Thursday, July 25, 2013
Monday, July 22, 2013
|The current state of the garden: a fortress against bunnies and ready to produce.|
In spring, I am just eager to have warm weather, never mind the food and flowers. In summer, of course it's all about the towering tomatoes, beans, and okra. But fall may be my favorite time to garden. It helps soften the blow of winter coming, plus winter is the hardest time to get fresh vegetables, so the best time to grow your own!
I've lamented over and over again how hard it is to get the timing right for cool season crops, but each year it gets easier. For one thing, more garden beds means more space to leave empty (meaning avoiding trying to start seeds under those towering tomatoes, for example). Plus, with row cover and plastic greenhouses, I can easily overwinter most things. So, I may not have a bunch of parsnips and pounds of Brussels sprouts for Thanksgiving, but I am sure to have a head start in late winter/early spring as well as plenty of greens during the winter.
This year, I am behind on some things already, but you can rarely predict the weather, so I'll try anyway. Last week, I direct seeded parsnips (over a month behind) and sowed some Brussels sprouts seeds as an experiment (the seeds are old, but it was worth a shot). The sprouts I grew last winter have long since gone to seed and sprouted anew. I'm letting the plant set its own timing--and I'll transplant those seedlings when they get some size on them. I am behind on those as well, but I was this-close to having fully formed sprouts this year with seedlings planted around Labor day, so I believe I have a fighting chance. Brassica also have a nice habit of growing new plants from their base, so my Brussels sprouts, kales, Chinese broccoli, and collards are helping me out by propagating themselves.
|This new Brussels sprout plant sprouted from an old plant going to seed.|
I prefer direct sowing, but in an effort to get a cauliflower or broccoli crop, I started those inside (on time!) and some celery--an experiment.
I learned about piracicaba broccoli from Margaret. Abundant side shoots may be easier to produce than one large perfect head.
I'm using Johnny's fall planting calculator to keep me on track for an abundant fall garden. I'll also direct sow kale, collards, broccoli, and cauliflower in case the seedlings started inside fail. Next up, roots (beets, carrots, radishes, and turnips). Then it will be time to sow the Asian greens--in addition to bok choy, I've got some rarer varieties from Kitazawa. I'll finish up with lettuce, arugula, and spinach; fava beans; another crop of onions; and maybe a fall pea sowing.
As proof of my excitement for fall, this is all planned out before I have picked one pepper, bean,
Tuesday, July 16, 2013
Sunday, July 14, 2013
Friday, July 12, 2013
Well this would have been my first tatume squash, but the next day, it was gone--chewed off at the stem along with many others. &$):%#*/@( chipmunks! I finally find a squash resistant to squash vine borers, and disease so far, and now this. What next, locusts?
It is interesting how an insect (bumblebee?) chewed through the flower.
Wednesday, July 10, 2013
I purchased the seed from Botanical Interests, but they do not have it this year. You can find it online from other sellers. It is reputed to self seed prolifically.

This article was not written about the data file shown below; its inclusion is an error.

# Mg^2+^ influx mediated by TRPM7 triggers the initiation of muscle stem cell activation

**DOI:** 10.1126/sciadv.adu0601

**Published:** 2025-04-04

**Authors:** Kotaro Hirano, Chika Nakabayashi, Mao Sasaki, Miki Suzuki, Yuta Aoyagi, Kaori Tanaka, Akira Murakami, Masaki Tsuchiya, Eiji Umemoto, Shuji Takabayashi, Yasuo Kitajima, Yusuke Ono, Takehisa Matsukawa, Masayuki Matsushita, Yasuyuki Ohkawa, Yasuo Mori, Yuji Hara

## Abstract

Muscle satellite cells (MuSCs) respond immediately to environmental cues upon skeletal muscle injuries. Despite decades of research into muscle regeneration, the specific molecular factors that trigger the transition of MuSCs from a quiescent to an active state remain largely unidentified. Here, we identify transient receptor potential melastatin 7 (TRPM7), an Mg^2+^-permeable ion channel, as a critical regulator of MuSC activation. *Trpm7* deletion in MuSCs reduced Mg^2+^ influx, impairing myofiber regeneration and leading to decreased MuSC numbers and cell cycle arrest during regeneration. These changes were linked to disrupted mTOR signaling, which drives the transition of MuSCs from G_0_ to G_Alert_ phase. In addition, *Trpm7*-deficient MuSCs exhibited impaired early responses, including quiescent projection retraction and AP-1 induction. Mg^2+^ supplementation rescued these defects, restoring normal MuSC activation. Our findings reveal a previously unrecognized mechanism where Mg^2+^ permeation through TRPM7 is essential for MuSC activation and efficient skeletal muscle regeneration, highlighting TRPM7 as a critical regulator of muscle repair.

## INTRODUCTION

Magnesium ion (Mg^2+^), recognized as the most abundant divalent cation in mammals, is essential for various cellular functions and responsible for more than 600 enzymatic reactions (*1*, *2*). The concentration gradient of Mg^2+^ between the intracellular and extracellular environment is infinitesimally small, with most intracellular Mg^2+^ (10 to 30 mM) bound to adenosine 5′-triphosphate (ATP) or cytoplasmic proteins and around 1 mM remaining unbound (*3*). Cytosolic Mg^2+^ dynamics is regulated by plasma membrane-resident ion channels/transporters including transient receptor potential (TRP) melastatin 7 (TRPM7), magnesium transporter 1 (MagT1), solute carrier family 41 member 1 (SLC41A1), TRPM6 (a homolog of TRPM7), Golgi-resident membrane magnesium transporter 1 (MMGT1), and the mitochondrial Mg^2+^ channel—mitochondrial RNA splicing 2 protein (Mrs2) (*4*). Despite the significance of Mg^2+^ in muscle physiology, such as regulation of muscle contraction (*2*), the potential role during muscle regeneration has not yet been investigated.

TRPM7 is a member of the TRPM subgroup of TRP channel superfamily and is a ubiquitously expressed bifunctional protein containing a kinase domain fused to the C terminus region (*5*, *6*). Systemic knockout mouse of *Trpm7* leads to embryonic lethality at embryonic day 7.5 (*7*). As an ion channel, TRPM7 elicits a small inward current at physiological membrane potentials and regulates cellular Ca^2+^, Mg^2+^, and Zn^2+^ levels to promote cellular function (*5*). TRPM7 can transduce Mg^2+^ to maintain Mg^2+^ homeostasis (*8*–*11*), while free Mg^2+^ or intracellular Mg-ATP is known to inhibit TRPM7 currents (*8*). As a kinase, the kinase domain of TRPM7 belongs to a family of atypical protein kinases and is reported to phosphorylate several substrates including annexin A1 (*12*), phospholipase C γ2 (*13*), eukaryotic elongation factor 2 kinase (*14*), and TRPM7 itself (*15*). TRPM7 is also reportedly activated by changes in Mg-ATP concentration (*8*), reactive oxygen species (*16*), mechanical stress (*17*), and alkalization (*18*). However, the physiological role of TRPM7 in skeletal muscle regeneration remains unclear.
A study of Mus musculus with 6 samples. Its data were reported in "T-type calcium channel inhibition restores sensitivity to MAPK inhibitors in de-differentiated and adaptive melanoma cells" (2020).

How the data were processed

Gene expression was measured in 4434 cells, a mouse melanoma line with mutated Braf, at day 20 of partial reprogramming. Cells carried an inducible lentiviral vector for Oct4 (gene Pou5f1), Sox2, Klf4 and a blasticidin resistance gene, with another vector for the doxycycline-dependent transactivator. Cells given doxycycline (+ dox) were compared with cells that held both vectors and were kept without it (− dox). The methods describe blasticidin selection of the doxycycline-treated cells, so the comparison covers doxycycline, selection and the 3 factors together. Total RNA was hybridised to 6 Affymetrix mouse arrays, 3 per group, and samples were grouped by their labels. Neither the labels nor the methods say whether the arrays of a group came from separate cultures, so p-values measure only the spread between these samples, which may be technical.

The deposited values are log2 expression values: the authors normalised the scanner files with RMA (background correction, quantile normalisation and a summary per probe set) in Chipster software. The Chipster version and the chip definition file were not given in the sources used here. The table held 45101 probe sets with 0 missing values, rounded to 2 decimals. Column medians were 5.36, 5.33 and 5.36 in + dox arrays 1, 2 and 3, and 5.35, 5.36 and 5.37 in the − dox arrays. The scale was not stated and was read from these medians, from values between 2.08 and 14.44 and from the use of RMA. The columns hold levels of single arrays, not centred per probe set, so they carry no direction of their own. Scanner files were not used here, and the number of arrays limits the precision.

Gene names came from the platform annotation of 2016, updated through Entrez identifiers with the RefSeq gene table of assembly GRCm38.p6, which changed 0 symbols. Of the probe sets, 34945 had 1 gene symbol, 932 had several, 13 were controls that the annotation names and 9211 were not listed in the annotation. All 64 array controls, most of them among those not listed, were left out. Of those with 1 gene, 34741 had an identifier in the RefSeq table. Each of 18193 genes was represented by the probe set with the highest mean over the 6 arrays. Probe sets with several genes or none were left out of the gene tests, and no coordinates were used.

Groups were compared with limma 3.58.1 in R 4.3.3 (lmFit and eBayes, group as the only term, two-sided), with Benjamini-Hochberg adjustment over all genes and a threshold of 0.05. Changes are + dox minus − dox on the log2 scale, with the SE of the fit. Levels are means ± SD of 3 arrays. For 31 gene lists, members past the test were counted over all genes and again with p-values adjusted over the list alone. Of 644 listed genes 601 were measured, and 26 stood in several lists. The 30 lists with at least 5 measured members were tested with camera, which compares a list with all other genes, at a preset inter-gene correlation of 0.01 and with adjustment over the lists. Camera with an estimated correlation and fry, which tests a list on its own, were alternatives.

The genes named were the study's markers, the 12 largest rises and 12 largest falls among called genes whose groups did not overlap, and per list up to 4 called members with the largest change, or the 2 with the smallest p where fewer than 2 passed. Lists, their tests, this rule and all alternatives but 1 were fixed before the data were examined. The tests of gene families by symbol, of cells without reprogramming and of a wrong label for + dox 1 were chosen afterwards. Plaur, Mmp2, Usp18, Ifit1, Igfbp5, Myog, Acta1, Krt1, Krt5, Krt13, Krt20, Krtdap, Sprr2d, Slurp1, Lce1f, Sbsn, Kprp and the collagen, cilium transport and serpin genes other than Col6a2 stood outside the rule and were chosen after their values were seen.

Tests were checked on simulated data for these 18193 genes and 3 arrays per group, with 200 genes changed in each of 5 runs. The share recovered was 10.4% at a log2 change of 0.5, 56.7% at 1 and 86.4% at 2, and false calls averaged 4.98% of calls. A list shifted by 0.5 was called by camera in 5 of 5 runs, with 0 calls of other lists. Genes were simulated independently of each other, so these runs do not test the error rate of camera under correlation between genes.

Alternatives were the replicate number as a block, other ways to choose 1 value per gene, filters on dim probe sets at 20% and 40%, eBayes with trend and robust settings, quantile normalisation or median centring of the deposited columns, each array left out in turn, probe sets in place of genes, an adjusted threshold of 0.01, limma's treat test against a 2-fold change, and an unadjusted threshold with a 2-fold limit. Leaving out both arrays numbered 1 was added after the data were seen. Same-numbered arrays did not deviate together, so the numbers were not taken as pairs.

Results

The blooms do not last long. This one, barely open the evening before, was gone the next morning, but then you get the cool seed heads:
Monday, July 8, 2013
|So, not the greatest way to start off a Saturday.|
Wednesday, July 3, 2013
|Does this look like the face of evil?|
Squirrels and birds are only an occasional nuisance in the vegetable garden, grabbing the first ripe tomato or scratching up seedlings (I'll just ignore the berry issue, because how could they resist?).
Birds actually do far more good than harm, eating insects and brightening up the place in general..
So, this post started off in a bemused "oh cute lil bunny, you make me smile but you eat my stuff" kind of way. It took exactly one day for me to wish for the return of hawkhead or better yet a reappearance of the fox. I am now convinced that cuteness must be an adaptive strategy to avoid strangulation.
In the past, the rabbits have lulled me into complacency, nibbling happily on plantain and clover until I forget about them ... and then they eat every. single. bean. Not so this year. I wrapped some bird netting around the base of the bed of black eyed peas, and then I did the same for the other bean bed.
Tuesday, July 2, 2013
Well of course a garden is rarely "finished," but in the case of my small yard and the obsessive nature with which I purchase plants, this one really IS. It pretty much ended up as I planned it, with a bottlebrush buckeye (Aesculus parviflora) subbing for the Fothergilla.
I think the aggressive anemone may be why my black cohosh has yet to bloom, though they are reportedly slow to establish..It has been getting plenty of water this monsoon season, but the anemone is probably crowding it and zapping all of the nutrients. The pale leaves are the tell tale sign.
I know I also planted the black cohosh too close to the Clethra, but I was loathe to move it. Speaking of the clethra, it is getting ready for its moment. It rarely looks like much, which is why it was planted behind the multi-season stunner Itea. However, it beats itea in the scent category. Also soon to bloom is Heuchera "autumn bride." IF the black cohosh was blooming this year, it would be blooming now, as a gardener in an adjacent neighborhood has a few that are gor-ge-ous.
This subtle garden never commands attention, but there is always something blooming, and the wall of green is soothing. It's a place I can stare when I am exhausted from constantly rearranging things in the sunny border.